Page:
Photo credit: Ismail Sasoli | Dawn
Experts warn that the damage done by the spill to the marine ecosystem will linger for decades
by Wasay Ibrahim

Five days after initial reports about the oil spill near Mubarak Village in Sindh, the narrative surrounding the incident remains muddled and incoherent. According to initial reports, local fishermen had spotted an oil slick floating off the Mubarak village coastline on October 24. By the next day, the slick had reached Mubarak village and reports began to emerge of the discovery of crab, eel and croaker carcasses covered in oil. The oil itself was weathered (as it began to turn into tar), meaning it had likely been floating in the ocean for a few days.

“The damage caused by the oil spill is extensive,” says conservation activist and diver Saquib Mehmood. “Marine life in and around the spill site, especially fish, has been devastated.” Commenting on the possible source of the spill, Mehmood said that ‘the greatest concentration of the oil seemed to be around an oil refinery located about five kilometers from Churna Island.”

Mehmood’s observation about the possible source of the spill was in line with initial reports in the media. Most reports seemed to suspect that the spill came from a leaking underwater pipeline leading to the aforementioned refinery. However, by October 29, the petroleum company to which the refinery belongs released a statement which said that according to its own investigation, there had been no leakage from any of its facilities. It went on to say that according to its own analysis of samples from the leak, the oil was a type of fuel known as bunker oil, which is not produced anywhere in Pakistan. This was confirmed by the Balochistan Environment Protection Agency.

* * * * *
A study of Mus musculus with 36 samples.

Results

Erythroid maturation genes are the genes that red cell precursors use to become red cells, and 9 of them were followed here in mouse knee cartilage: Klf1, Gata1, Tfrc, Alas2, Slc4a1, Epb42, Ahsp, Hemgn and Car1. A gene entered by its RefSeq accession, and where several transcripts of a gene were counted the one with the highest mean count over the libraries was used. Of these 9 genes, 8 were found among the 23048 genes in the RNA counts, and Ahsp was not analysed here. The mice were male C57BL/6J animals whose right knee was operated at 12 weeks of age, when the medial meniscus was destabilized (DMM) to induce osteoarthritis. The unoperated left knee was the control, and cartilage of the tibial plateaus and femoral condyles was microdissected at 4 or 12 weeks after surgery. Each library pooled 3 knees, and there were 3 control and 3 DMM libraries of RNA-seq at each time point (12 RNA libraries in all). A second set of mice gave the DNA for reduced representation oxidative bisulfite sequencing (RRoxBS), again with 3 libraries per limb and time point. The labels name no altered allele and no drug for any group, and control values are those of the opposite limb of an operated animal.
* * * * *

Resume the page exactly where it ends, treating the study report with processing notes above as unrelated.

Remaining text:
Read more: Diving against marine debris

According to reports, WWF Pakistan has also taken oil samples from the spill site for oil fingerprinting, which will identify the source of the spill. However, they have not announced their findings thus far.

Bunker oil is a particularly viscous fraction obtained from distillation of crude oil. It’s only use is as a fuel for large ships, meaning that its most likely source is a ship headed to a nearby shipbreaking yard.

Meanwhile, nothing has been done to explain how the fishermen of Mubarak Village will be compensated for the losses they have incurred. Not only has the spill ravaged the local marine wildlife — the only source of revenue available to the fishermen — it also poses a serious health hazard.

“It is not just the oil in the water and sediment that poses a threat to the local wildlife and human population, but also the toxic fumes it releases,” warned Dr Nuzhat Khan of the National Institute of Oceanography while speaking to MIT Technology Review. “These fumes are particularly hazardous for children, the elderly and individuals with respiratory ailments like asthma,” she said. Commenting on the area affected by the spill, Dr. Nuzhat said that she could not give an exact figure, but she confirmed that the oil had reached Cape Monze beach, Bhit Khori beach and Hawkesbay beach.

Dr Nuzhat told MIT Technology Review that “the damage done to the coral reefs of Churna Island is of particular concern because it is almost impossible for the reefs to recover completely. Furthermore, there is no human action that can be taken to reverse what has been done, and we will simply have to wait for nature to take its course.”

Efforts are currently underway to clean up as much of the oil as possible. The Pakistan Maritime Security Agency (PMSA) and Pakistan Navy began their clean up operation on October 26. By October 29, the PMSA had claimed that 70 percent of the affected area around Mubarak village had been cleaned up. However, as indicated by Dr Nuzhat Khan’s statement, the problem has spread far beyond Mubarak village.